Using F5® tunneling technologies, you can set up tunneling from devices on different Layer 2 networks, or scale multi-site data centers over Layer 3 pathways. When you know the IP address of the devices at both ends of the tunnel, you can create a point-to-point encapsulation tunnel between a BIG-IP® system and another device. When multiple devices feed into a BIG-IP system, you can create a tunnel by specifying only the IP address on the BIG-IP device.
The BIG-IP system provides the following tunneling types, available using the browser-based Configuration utility or the Traffic Management shell (tmsh) command-line utility, and iControl®.
For information about deploying some of these tunneling types, consult additional F5 Networks documentation, including CGNAT (DS-Lite), acceleration (FEC), and TMOS (VXLAN). Licensing restrictions apply.
Point-to-point IP encapsulation tunnels carry traffic through a routed network between known devices. For example, you can create a GRE tunnel to connect a BIG-IP system to a remotely located pool member.
Illustration of a point-to-point GRE tunnel
For example, you can type 255.255.255.0.
This illustration is an example of a point-to-point IP tunnel configuration showing IP addresses. Note that the tunnel local endpoint address is different from the tunnel self IP address.
Illustration of a point-to-point IP tunnel configuration
In a network that has multiple devices connected to a BIG-IP system, you can create an IPIP or GRE encapsulation tunnel between the BIG-IP system and the remote devices without having to specify a remote (or source) IP address for every device. The use cases include situations where the source IP address is unknown or difficult to discover.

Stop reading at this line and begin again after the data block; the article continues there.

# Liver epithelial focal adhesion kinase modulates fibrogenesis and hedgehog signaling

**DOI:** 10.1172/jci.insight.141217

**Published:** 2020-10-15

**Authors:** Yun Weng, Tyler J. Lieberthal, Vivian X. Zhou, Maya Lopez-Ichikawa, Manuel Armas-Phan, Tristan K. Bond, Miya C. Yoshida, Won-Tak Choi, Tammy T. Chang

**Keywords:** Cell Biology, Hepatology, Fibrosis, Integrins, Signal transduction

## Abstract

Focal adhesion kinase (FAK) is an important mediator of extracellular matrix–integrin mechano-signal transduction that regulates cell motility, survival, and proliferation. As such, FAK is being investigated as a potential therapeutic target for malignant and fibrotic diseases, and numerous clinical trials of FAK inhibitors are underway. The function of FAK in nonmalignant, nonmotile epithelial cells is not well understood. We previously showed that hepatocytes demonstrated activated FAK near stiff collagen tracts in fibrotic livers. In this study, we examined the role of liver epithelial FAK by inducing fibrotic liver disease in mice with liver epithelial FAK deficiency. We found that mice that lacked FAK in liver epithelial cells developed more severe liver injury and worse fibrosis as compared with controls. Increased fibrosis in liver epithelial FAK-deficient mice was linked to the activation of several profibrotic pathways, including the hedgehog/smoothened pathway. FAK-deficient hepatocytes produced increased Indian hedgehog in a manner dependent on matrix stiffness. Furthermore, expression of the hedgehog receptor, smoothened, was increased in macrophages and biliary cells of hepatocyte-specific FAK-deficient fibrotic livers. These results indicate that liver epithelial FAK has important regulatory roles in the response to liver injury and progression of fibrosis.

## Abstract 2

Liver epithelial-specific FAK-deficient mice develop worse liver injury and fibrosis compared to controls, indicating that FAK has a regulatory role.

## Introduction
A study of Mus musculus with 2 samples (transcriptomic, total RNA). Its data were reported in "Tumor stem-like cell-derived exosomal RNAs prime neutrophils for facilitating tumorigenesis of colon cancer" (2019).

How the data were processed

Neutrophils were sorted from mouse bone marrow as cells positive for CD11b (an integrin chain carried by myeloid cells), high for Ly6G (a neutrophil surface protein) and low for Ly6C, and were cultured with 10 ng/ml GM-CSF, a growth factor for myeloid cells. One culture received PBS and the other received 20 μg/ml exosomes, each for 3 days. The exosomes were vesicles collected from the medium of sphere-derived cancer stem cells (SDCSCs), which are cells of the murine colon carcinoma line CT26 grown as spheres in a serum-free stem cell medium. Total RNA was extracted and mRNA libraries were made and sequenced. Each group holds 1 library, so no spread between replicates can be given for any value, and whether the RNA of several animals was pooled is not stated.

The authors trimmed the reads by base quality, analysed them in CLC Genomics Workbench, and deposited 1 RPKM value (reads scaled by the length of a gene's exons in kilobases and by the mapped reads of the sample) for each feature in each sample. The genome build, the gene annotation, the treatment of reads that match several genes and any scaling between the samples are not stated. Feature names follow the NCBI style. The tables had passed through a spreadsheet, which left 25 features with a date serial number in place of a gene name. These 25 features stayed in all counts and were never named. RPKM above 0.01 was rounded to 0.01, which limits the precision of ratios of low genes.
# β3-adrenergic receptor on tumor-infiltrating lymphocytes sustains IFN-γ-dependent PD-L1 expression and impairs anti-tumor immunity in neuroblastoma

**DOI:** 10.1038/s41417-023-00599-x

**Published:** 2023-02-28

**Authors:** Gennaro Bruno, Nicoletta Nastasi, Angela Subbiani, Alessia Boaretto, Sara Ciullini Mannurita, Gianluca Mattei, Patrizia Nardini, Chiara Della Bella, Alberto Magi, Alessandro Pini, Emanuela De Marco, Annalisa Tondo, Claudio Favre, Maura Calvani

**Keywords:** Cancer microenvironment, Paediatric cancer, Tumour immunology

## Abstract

Illustration of an IPIP tunnel between a BIG-IP system and multiple unspecified devices
You can create transparent tunnels when you want to inspect and/or manipulate encapsulated traffic that is flowing through a BIG-IP system. The BIG-IP system terminates the tunnel, while presenting the illusion that the traffic flows through the device unchanged. In this case, the BIG-IP device appears as if it were an intermediate router that simply routes IP traffic through the device.
The transparent tunnel feature enables redirection of traffic based on policies. For example, service providers can redirect traffic with transparent tunnels to apply classification and bandwidth management policies using Policy Enforcement Manager™. To handle payload inspection and manipulation, you can create a policy in the form of a virtual server that accepts encapsulated packets. In the absence of a policy, the tunnel simply traverses the BIG-IP device.
Transparent tunnels are available for IPIP and GRE encapsulation types, with only one level of encapsulation.
Illustration of a transparent tunnel
When the BIG-IP system receives an encapsulated packet from a transparent tunnel, the system decapsulates the packet, and re-injects it into the IP stack, where a virtual server can pick up the packet to apply a policy or rule. After applying the policy or rule, the BIG-IP can re-encapsulate the packet and route it, as if the packet had transited the BIG-IP unperturbed.
When you create a tunnel, you can use the traffic group setting to control the availability of the tunnel in a BIG-IP HA configuration. For example, selecting traffic-group-local-only makes the tunnel always available on the BIG-IP system, regardless of its HA status. This setting also controls how config sync operates on the tunnel. Also, this setting can be useful for tunnel types that require the use of non-floating IP addresses, such as some configurations of VXLAN.
The Traffic Group setting on the Tunnel screen specifies the traffic group associated with the tunnel's local IP address.
If you are specifying a secondary address for the tunnel, such as for NVGRE, it must be a non-floating self IP address. When a secondary address is specified, synchronization is automatically disabled for the tunnel, regardless of the traffic group specified.